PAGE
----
A man, much my senior, and someone I consider especially wise, once reminded me that followers of Christ “are called to be “saints”, but not necessarily “sane”.
Looking back, I believe his provocative comment reflects the complexity of life in this broken world. The few words that stuck in my mind seem to reflect the wonder of the Gospel of Christ as it is extended to people whose minds are clouded by real physical, emotional, or social factors that do not respond to prayer, Bible, and worship. The result is that in response to their faith they may end up forgiven and adopted by the Father– but misunderstood, neglected, or rejected by the Family.
The Apostle Paul seems to acknowledge that people often come to Christ, and to one another, with problems that require special and individual attention rather than “normal solutions”. He wrote in his second letter to the Thessalonians, “Warn those who are unruly, comfort the fainthearted, uphold the weak, be patient with all” (1Thessalonians 5:14). That is more than a quick spiritual fix approach to the human condition.
Over time it’s become apparent to me that, within the family of God, there are problems that deserve more consideration and support than a “trust and obey” approach to faith.
Start anywhere, from our soldiers returning from the terrors of battle with “post traumatic stress”– that is far beyond their ability to just walk or pray away from– to those struggling with deep rooted addictions, violently, abusive behaviors, or a long list of other physical and mental conditions.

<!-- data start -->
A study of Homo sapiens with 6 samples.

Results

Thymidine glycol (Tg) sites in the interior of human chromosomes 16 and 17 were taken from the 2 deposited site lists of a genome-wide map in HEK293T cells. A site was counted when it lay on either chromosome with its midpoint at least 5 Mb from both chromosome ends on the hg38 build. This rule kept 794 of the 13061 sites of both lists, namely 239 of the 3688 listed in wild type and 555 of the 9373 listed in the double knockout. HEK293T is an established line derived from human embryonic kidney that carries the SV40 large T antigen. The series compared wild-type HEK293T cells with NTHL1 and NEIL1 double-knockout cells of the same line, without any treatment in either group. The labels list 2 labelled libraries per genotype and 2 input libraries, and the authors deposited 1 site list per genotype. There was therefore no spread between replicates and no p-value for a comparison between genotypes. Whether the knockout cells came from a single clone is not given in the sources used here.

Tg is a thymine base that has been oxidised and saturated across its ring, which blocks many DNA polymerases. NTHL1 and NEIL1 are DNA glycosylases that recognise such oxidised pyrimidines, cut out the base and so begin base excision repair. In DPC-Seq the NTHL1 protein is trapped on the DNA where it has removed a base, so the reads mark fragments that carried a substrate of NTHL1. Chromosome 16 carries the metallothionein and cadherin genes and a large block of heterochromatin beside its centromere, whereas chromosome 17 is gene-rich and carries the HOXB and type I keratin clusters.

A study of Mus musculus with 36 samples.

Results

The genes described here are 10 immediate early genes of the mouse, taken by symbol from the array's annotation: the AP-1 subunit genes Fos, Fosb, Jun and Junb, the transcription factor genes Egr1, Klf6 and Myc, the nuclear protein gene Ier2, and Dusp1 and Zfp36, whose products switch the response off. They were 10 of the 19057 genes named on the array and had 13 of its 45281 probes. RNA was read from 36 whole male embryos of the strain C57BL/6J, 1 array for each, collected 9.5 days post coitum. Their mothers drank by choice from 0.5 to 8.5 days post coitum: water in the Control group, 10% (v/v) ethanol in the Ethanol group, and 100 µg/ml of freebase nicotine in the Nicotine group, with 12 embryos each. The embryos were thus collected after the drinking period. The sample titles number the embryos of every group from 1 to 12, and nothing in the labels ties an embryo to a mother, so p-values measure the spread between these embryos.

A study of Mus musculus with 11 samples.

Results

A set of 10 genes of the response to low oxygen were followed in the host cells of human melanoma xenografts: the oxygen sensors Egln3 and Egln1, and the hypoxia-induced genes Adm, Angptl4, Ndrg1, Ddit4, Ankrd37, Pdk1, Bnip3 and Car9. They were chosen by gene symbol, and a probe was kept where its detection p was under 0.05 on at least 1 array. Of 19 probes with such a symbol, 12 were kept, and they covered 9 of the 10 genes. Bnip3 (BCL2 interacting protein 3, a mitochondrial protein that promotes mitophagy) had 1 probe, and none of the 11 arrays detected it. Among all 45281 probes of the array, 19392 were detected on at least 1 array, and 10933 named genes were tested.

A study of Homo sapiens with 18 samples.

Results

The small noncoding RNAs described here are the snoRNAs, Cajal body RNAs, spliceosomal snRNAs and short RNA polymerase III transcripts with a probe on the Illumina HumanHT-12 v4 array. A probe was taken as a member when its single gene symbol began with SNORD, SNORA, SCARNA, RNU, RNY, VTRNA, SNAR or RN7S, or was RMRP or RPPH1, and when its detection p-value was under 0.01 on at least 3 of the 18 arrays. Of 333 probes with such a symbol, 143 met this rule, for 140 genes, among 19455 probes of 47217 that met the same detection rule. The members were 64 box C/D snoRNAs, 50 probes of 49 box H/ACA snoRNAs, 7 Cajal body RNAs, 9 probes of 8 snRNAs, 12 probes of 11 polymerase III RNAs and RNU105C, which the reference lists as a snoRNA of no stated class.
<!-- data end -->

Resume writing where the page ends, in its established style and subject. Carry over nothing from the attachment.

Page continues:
In what seems to be a countless list of problems, there are those among us who need not only prayer, the words of Scripture, and encouragement from the family of God, but also wisdom of those who have had similar experience and, or, special training in dealing with biologically rooted depression, life-threatening eating disorders, sexual predation, domestic violence, autism, schizophrenia, bi-polar, etc.
I know I’m repeating now– But at times I feel so overwhelmed by the thought of how many troubled people–caught in such problems– and repentant as they may be of their harmful choices and behaviors, fall through the cracks, or cannot find a place in our hearts.
Too often the plight of such persons becomes even more complicated when such persons seek help only from spiritual sources, or only from the medical and therapeutic community.
Too many are misunderstood and mistreated. Too many end up losing faith in pastors who try to treat their problem as only “spiritual.” Or, by contrast– too many end up in the counsel of someone who tries to treat the body, or heart, without prayer, the wisdom of the Bible, or the compassion of a patient Christian community.
But I need to stop now, and listen to you. Because there are dangers on either side, I’d like to know whether you have seen what happens when those with special needs seek spiritual help that lacks understanding of complicating factors, or when such people seek medical, social, or psychological help without adequate spiritual understanding, counsel, and support?
Or, to be fair, has anyone seen such persons consistently helped and honored by a Bible-and-prayer-only approach?